Snapshot for June 18, 2003.
Trouble in the housing market
Large stock market losses across the last few years were offset to some degree by the fact that housing wealth—the difference between housing prices and outstanding mortgages—increased, at least until the end of 2001 (see figure below). Housing prices soared, keeping the total losses to total household wealth in check.
Although housing markets are regional markets, driven by regional factors, there are some general trends that may bring this housing boom to an end by either slowing growth rates for housing prices or reducing housing wealth.
First, demand for increasingly expensive homes has been debt driven, fueled by low interest rates. This is reflected by the fact that housing wealth relative to income has declined in four out of the past six quarters (see figure) because the growth of mortgages has outpaced the growth of home values. Since long-term interest rates are already at historic lows, further declines in long-term interest rates become less likely than in the past few years.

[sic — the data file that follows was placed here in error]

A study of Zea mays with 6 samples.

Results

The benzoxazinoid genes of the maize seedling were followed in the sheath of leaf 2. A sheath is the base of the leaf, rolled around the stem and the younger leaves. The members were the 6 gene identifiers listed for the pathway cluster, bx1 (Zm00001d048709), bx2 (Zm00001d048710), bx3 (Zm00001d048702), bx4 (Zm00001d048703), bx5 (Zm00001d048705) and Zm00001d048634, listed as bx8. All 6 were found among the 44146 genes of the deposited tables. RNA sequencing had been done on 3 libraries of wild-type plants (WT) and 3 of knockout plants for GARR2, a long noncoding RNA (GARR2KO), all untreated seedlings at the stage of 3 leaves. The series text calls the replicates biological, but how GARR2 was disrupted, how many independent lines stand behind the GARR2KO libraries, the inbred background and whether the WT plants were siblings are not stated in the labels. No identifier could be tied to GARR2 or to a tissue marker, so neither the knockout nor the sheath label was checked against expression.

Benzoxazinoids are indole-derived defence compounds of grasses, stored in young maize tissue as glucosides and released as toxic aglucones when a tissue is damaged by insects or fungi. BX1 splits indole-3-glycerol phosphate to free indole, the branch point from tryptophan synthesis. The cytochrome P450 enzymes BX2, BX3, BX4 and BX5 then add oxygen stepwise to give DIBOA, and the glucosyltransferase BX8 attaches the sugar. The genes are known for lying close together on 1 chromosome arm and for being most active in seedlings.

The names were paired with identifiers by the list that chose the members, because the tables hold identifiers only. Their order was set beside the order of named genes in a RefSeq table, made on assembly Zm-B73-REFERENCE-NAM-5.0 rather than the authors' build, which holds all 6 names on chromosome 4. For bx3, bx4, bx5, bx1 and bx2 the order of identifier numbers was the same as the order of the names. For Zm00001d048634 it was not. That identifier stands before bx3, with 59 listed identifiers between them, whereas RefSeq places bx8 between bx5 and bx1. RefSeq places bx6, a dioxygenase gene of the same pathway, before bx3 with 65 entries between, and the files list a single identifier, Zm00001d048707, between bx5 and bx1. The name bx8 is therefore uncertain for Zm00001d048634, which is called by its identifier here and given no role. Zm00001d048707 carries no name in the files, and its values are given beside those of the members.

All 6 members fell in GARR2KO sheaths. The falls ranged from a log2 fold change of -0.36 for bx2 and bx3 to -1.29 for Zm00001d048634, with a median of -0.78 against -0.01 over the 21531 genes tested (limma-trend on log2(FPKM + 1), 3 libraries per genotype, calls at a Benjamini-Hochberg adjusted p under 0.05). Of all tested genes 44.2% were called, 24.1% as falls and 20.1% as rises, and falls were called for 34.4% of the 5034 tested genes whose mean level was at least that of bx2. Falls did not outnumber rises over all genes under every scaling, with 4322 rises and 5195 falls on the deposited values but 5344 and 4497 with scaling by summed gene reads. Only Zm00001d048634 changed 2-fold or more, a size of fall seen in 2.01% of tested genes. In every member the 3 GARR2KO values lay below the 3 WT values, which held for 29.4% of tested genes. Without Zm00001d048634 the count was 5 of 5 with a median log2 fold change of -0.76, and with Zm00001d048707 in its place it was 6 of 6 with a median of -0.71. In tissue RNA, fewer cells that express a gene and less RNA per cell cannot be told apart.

Second, there is an attractive alternative for potential homebuyers. Historically high vacancy rates for rentals indicate that the rental market is weak. In 2002, the average rental vacancy was above 9% in the United States—the highest since the Census Bureau started collecting the data in 1956. It makes increasing sense for prospective homebuyers to rent instead.
The housing market has been a significant factor in keeping the U.S. economy from re-entering the recession. A slowdown in the housing market could therefore have real implications for the economy as a whole.
This week’s snapshot was written by Christian E. Weller.